Confessions of a benefits manager: Candid keeps compliant in France


Big Bad Boss has been reading one of those benefits bulletins again. All of our consulting friends send us these little updates to tell us what is happening in the world of benefits. Smarmy Consulting is the worst; it sends us not one but three newsletters, all pretty much saying the same thing. The first is a glossy brochure on international benefits trends. Then there is a monthly online global newsletter and, finally, an emailed alert any time any government even thinks about changing policy on benefits.

I don’t bother reading them anymore. I used to waste a lot of time wading through pages of detailed explanations of pension changes, only to find in the fine print that they didn’t apply to our particular scheme or it hadn’t been properly enacted yet anyway. It is a much more productive use of time to simply ask Oily Oliver, the account manager, if there is anything we need to action. Indeed, Oily Oliver usually gets in first, as this is how he earns consulting fees from us.

Big Bad Boss, however, clearly doesn’t have enough to do because he reads each and every report. He gets all in a panic about commission changes in Denmark only to discover our particular policies are not affected. He will jump up and down over pension age changes in Netherlands that are still in consultation. This time it is France. He has read something about compulsory health plans and worried about the impact on our benefits budget. He needn’t stress, but I will have to look into it. He orders (yes, that is the only way to describe it) a complete review of the benefits in France. I point out that we only just conducted an audit as part of the migration to the new benefits portal. Well that’s too bad; we have to look at them again, to make sure we are legislatively compliant, and to work out any incremental cost as a result. Right you are, boss.

I wonder if I can nip over to Paris for this project, but actually I know the answer. A big bad ‘non’. We have one of those silly travel freezes on right now, so that precludes even a measly rail ticket. I arrange a conference call with local HR and Smarmy’s French office.

We have a list of the local benefits on our new portal, so I enter the benefits portal to print off a report in preparation. We haven’t collected data on local statutory provisions, but the database does contain a report of the legislative requirements from Smarmy’s own surveys. We have relatively few company benefits in France, and I realise why: we are already paying a fortune in social taxes. French organisations pay a separate social tax for every possible need. UK national insurance seems positively straightforward by comparison, although obviously not so transparent.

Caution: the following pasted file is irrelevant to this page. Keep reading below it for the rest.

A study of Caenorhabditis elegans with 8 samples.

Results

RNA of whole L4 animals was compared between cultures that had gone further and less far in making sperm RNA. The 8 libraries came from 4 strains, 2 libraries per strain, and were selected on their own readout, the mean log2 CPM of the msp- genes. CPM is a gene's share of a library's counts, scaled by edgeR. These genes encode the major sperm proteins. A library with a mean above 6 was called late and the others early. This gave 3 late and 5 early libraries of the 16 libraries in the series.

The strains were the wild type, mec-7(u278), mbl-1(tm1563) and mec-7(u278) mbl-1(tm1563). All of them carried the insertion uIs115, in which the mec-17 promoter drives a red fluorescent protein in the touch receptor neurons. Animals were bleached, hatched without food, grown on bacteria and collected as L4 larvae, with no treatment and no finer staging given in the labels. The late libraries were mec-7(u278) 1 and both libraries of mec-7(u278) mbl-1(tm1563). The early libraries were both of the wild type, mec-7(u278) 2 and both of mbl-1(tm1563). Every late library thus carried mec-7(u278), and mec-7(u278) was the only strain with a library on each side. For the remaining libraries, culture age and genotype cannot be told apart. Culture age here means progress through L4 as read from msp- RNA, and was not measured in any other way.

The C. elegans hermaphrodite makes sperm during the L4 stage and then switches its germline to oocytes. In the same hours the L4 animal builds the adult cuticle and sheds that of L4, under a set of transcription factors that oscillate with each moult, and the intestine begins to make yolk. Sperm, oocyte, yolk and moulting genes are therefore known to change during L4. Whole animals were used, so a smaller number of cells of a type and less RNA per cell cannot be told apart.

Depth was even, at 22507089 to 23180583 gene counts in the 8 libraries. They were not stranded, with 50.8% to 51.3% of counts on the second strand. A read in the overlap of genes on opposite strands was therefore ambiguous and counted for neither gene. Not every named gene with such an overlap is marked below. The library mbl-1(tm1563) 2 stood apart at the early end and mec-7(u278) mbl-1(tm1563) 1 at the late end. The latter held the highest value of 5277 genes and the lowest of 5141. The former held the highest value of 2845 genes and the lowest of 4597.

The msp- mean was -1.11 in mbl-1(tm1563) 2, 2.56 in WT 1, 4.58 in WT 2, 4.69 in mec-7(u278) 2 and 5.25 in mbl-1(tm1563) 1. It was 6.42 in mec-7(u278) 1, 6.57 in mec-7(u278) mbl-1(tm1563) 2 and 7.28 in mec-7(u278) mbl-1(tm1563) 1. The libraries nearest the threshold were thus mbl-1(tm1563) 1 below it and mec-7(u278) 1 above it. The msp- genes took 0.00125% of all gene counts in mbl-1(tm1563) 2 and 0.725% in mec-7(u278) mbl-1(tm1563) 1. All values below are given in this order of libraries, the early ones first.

I ask about the compulsory health plan changes in Smarmy’s alert. Okay, that’s not a problem, the local HR office says airily. It has already accounted for that and it is covered by a new policy. New policy? I am a little piqued. Is it on our database, I ask? Oh no, it was arranged after the new portal went in. But, all new policies must come through our team now, I point out. We have to approve everything centrally and enter it on the database to keep it up to date. I can almost hear a Gallic shrug.

I get them to send me the market review so I can see which vendors were considered. At least the one selected was the cheapest and at least they had looked at all the major suppliers. I get back to Big Bad Boss with the good news. We already have a compliant health insurance policy, so there will be no additional costs. I was going to gloss over the fact that it was not approved centrally, but Big Bad Boss seems to have a spooky intuition and he starts firing out questions. When was the policy taken out? Who is it with? Had we considered the international pool as part of the review? Well, no, because we hadn’t been involved in the change at all, I have to confess.

I watch a transformation as Big Bad Boss starts to morph into his biggest baddest alter-ego. We have to review every policy change in line with our pooling strategy, he shouts. Yes, I know. Have we done that?

I am calm. Luckily, I had already looked to see if the new insurer was in our pool in France. It isn’t, but the pooled company was part of the review and it was more expensive so that’s Okay, right? Big Bad Boss starts to return to his normal self and he pushes his glasses straight. Phew.


Next time…Candid makes a presentation.